Follow-up to Historic Ohio Supreme Court Case Establishes That Cities and Developers Are Responsible For Damage They Cause to Property They Illegally Seize

Arlington, Va.—Ohio developers and cities will be held financially accountable for the damage they cause to private property they unconstitutionally take. That was the ruling today from an Ohio court.

Today, Judge Beth Myers of the Hamilton County Court of Common Pleas ruled that Matthew and Sanae Ichikawa Burton are entitled to receive compensation from developer Jeffrey Anderson and the City of Norwood for their illegal use of eminent domain to take the Burtons’ small business. In July of last year, in Norwood v. Horney, a unanimous Ohio Supreme Court held that the city’s use of eminent domain to take homes and businesses in the Edwards Road Area and transfer them to Rookwood Partners—a group spearheaded by Norwood-based developer Jeffrey Anderson—so that it could expand a nearby shopping center violated the Ohio Constitution.

“Today’s decision ensures that abusers of eminent domain will not be able to damage properties, destroy businesses, and then wash their hands of all responsibility,” said Bert Gall, a senior attorney at the Institute for Justice, which successfully represented the Burtons and other property owners before the Ohio Supreme Court in the landmark eminent domain case of Norwood v. Horney. “If Rookwood had simply allowed the Burtons to stay in their property while they appealed their case, then we wouldn’t have to be in court.”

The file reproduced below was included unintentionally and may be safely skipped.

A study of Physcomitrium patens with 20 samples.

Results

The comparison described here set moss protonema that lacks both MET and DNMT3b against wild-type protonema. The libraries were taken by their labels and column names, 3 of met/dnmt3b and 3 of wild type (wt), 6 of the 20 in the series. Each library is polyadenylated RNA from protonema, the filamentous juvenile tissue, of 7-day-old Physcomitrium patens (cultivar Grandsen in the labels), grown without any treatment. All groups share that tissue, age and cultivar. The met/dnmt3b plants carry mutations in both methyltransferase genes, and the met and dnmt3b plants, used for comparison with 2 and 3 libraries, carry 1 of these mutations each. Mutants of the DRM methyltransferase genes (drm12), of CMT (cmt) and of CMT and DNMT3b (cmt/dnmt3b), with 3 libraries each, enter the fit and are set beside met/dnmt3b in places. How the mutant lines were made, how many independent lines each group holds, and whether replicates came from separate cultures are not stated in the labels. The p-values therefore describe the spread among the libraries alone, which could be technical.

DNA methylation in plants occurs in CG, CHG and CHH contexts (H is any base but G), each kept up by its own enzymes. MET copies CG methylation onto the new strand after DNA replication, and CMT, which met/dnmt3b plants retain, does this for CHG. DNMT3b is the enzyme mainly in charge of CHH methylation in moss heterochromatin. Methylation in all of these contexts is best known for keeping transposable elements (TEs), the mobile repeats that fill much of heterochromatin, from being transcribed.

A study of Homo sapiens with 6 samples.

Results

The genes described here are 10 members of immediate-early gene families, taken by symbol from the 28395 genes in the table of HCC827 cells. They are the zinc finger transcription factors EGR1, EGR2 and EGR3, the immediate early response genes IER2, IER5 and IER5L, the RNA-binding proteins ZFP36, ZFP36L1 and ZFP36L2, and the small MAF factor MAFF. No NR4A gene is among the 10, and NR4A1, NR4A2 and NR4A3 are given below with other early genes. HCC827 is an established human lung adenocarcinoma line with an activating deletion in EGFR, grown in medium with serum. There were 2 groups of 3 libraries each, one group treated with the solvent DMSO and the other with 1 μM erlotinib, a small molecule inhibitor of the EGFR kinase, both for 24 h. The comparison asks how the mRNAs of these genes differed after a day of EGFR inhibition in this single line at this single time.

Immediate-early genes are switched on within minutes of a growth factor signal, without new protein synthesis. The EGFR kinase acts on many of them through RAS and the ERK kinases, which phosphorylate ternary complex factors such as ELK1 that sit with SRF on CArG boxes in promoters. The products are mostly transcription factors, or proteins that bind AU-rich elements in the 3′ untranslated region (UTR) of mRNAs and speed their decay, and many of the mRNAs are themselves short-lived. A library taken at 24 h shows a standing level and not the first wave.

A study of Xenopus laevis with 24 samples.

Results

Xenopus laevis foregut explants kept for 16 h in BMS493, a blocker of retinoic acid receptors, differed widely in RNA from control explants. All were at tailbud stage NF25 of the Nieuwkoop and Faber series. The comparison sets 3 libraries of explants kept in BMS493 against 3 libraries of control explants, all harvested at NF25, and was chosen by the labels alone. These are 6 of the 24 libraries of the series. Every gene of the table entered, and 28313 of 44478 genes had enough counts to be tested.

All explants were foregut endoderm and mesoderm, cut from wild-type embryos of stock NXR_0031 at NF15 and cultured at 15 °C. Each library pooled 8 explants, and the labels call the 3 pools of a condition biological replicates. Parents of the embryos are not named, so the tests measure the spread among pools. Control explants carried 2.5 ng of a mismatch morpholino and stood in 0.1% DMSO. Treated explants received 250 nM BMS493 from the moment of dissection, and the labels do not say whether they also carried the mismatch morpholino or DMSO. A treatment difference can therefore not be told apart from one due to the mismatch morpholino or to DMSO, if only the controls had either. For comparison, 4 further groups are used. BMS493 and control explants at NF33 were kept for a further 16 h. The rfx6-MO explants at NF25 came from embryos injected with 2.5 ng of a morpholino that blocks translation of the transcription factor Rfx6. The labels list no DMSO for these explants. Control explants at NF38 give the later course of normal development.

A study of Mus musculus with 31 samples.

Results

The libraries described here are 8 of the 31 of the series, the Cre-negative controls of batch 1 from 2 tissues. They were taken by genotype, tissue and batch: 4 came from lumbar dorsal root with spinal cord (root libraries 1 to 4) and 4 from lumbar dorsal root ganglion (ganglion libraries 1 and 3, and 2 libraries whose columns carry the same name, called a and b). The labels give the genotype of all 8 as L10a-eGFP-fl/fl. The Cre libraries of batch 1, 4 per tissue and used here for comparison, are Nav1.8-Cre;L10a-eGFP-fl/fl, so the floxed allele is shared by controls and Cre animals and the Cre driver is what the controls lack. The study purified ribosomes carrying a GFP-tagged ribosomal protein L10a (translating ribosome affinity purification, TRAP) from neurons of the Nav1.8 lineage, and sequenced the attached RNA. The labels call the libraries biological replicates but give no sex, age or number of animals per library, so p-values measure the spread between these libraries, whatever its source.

In April of 2005—while the Burtons’ case was working its way up to the Ohio Supreme Court—Rookwood Partners unnecessarily forced the Burtons out, causing damage to the property. The Burtons sought compensation for the taking of their property in order to make repairs that will restore the property to its pre-condemnation condition. Both the developer and the city denied any legal responsibility for their actions, but today’s decision clearly states that they must make the Burtons whole.

The decision states, “The Court finds that, in order to carry out the Supreme Court’s ruling, the Burtons are entitled to be placed in the position they were prior to the taking.” Furthermore, “In order to unwind the appropriation [of their property], the Burtons are entitled to have their property back in substantially the same condition it was before the taking.” The court also stated that, at a later date, it will conduct a hearing on the amount of compensation that will be required to undo the city’s and Rookwood’s actions.

“All we have ever wanted is to be made whole—to be able to return our business to its condition before Rookwood and the City illegally took it from us,” said Matthew Burton. “We never asked to have our property taken away and damaged, but Rookwood forced us out even though it didn’t have to. We are very pleased that the court is going to hold Rookwood responsible for its actions, and we hope we can get our property up and running very soon.”

Norwood v. Horney was the first eminent-domain-for-private-development case to be argued before and decided by a state supreme court after the U.S. Supreme Court’s infamous decision in Kelo v. City of New London. The Burtons’ case was returned to the trial court to resolve, among other things, the damage suffered by their property during the eminent domain proceedings. In addition to requiring the City and Rookwood to make the Burtons whole, the court stated the Burtons will have to pay to Rookwood the $96,000 that the Burtons’ mortgage company withdrew from the condemnation award after the trial court initially ruled that eminent domain could be used to take their property.